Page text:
Happens every year about this time: too many fishing opps, not enough days. Baker Lake sockeye, Marine Area 9-10 selective chinook, resident coho getting bigger, tuna off the coast, a good coastal salmon season under way, sockeye and increasing numbers of summer chinook in the mid-Columbia, and a lot more.
Then add at least two additional major fisheries — a possible Lake Wenatchee sockeye opening and a very large number of chinook predicted for the just-opened buoy 10 fishery — and your plate overfloweth.
Call in sick until it gets embarrassing, I guess.
“Pretty good but probably getting better” is the word from Kevin John of Holiday Sports in Burlington about the Baker Lake sockeye circus. The total number of fish trapped at Baker Dam as of Sunday was 20,652, and the number trucked to the lake was 14,557, compared to a total in the lake last summer of 27,200.
State Fish and Wildlife Department biologist Brett Barkdull said Tuesday that the run size, originally estimated this year at 35,400 sockeye, has been updated to 42,400. “And it could end up a little larger than that,” he said.
John said the action is still improving, but that increasing fishing pressure seems to be scattering the schools to a degree. “The area around Noisy Creek is still good, and that’s where you’ll see most of the fleet, but we’re marking more fish toward the center of the lake and even along the north shore,” he said.
Warming water temperatures are pushing the fish a little deeper, with most anglers finding their fish at 25 to 40 feet. The top setup remains an “0” dodger, a piece of heavy leader 11/2 times the length of the dodger, a double red hook tie with a hot pink mini-squid and lots of krill or shrimp scent. John said a fair percentage of anglers are adding a Smile Blade (green or pink) in front of the squid.
“The crucial factor, both for parking and fishing, is to get there early,” John said.
Lake Wenatchee sockeye
State biologist Travis Maitland said Wednesday morning that enough sockeye have been counted over Tumwater Dam on the Wenatchee River to allow opening of a recreational fishing season on Lake Wenatchee, possibly by this weekend. He was in the process of having an e-regulation approved by regional and state managers, shooting for an Aug. 4 opener.
If it’s approved, the regulation will appear first on the agency’s website, www.wdfw.wa.gov.
Maitland said the fish look healthy and are going the usual size — 2 to 5 pounds and occasionally to 6.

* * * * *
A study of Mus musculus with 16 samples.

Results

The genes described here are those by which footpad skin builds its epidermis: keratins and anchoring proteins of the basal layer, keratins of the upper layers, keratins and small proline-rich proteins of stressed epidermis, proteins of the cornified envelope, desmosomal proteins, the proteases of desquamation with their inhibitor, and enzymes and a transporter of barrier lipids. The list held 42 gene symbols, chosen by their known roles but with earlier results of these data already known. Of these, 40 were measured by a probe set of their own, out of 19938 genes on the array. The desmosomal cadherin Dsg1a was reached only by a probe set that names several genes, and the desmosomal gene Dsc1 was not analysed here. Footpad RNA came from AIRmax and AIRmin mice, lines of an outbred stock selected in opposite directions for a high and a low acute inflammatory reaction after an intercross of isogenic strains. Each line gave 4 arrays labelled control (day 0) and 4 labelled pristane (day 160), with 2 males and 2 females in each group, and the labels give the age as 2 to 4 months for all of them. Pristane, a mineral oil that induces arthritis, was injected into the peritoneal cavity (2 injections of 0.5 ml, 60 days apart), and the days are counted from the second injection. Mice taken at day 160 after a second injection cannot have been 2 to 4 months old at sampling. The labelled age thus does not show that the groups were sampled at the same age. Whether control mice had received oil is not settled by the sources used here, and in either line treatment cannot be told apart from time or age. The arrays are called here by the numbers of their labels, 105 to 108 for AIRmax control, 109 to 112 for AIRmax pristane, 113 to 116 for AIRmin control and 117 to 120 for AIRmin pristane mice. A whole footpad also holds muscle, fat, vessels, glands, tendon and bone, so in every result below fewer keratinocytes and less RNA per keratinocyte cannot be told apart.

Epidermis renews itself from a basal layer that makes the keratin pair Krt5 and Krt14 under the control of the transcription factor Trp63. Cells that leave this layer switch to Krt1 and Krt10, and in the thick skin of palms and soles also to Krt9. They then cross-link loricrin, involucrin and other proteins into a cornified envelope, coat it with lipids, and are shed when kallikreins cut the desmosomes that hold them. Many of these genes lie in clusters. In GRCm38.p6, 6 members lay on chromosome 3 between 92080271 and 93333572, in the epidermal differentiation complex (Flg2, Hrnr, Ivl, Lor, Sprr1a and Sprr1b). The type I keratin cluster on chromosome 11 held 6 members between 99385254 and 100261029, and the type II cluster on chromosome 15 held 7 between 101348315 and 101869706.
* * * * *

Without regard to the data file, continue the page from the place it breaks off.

The bulk of the fishing on Lake Wenatchee is at the upper end, where two tributary rivers enter. That’s about 4 or 5 miles from the state park at the lower end, where most anglers launch. There is also a rough launch site with a gravel ramp, suitable for small boats, uplake on the west shoreline at Glacier View, but parking is limited and it fills up quickly, Maitland said.
Good early tuna
Albacore fishing has begun off the Washington coast and it appears to be early this year, according to state coastal sampling coordinator Wendy Beeghley.
“Fishing was good last week, especially for this early,” Beeghley said. “And another unusual thing, we saw fish all the way up and down the coast, from Ilwaco to Neah Bay. That’s exciting.”
She said tuna anglers boated anywhere from less than 1 per rod to more than 10 per rod. The closest fish were found at about 20 miles, but most were taken 30 to 40 miles out.
Beeghley said a few charters were working the albacore, but the majority of anglers were on private boats.
A yellow king?
Reader and longtime salmon fisherman Jim Brink sent three photos of a bright chinook with unusual yellow coloring on its lower quarter — belly and fins. He asked if I had ever seen anything like it.
I haven’t. Nor heard of anything similar.
Brink said it was caught in local waters, and a couple of folks were wondering if it was safe to eat.
I ran it past retired fisheries biologist Curt Kraemer of Marysville, and he hadn’t heard of anything exactly like that either. He said he’s seen photos of pink trout (probably exposed to a dye situation of some kind), and has seen spots of unusual color on various species, including yellow spots on salmon, but never anything like this.
Kraemer’s opinion is that it’s probably a dye-related skin issue, perhaps the result of carotene in the diet (shrimp of some kind?), and that he probably would eat the fish.
“More evidence of carotene would be if the flesh was a really bright red-orange,” he said.
We’re posting a photo of the fish on heraldnet.com. To see the photo, visit my blog www.heraldnet.com/huntingandfishing, and if you have further information, e-mail me, Wayne Kruse, at firstname.lastname@example.org and I[‘]ll share the info.
For more hunting and fishing news, visit Wayne Kruse’s blog at www.heraldnet.com/huntingandfishing.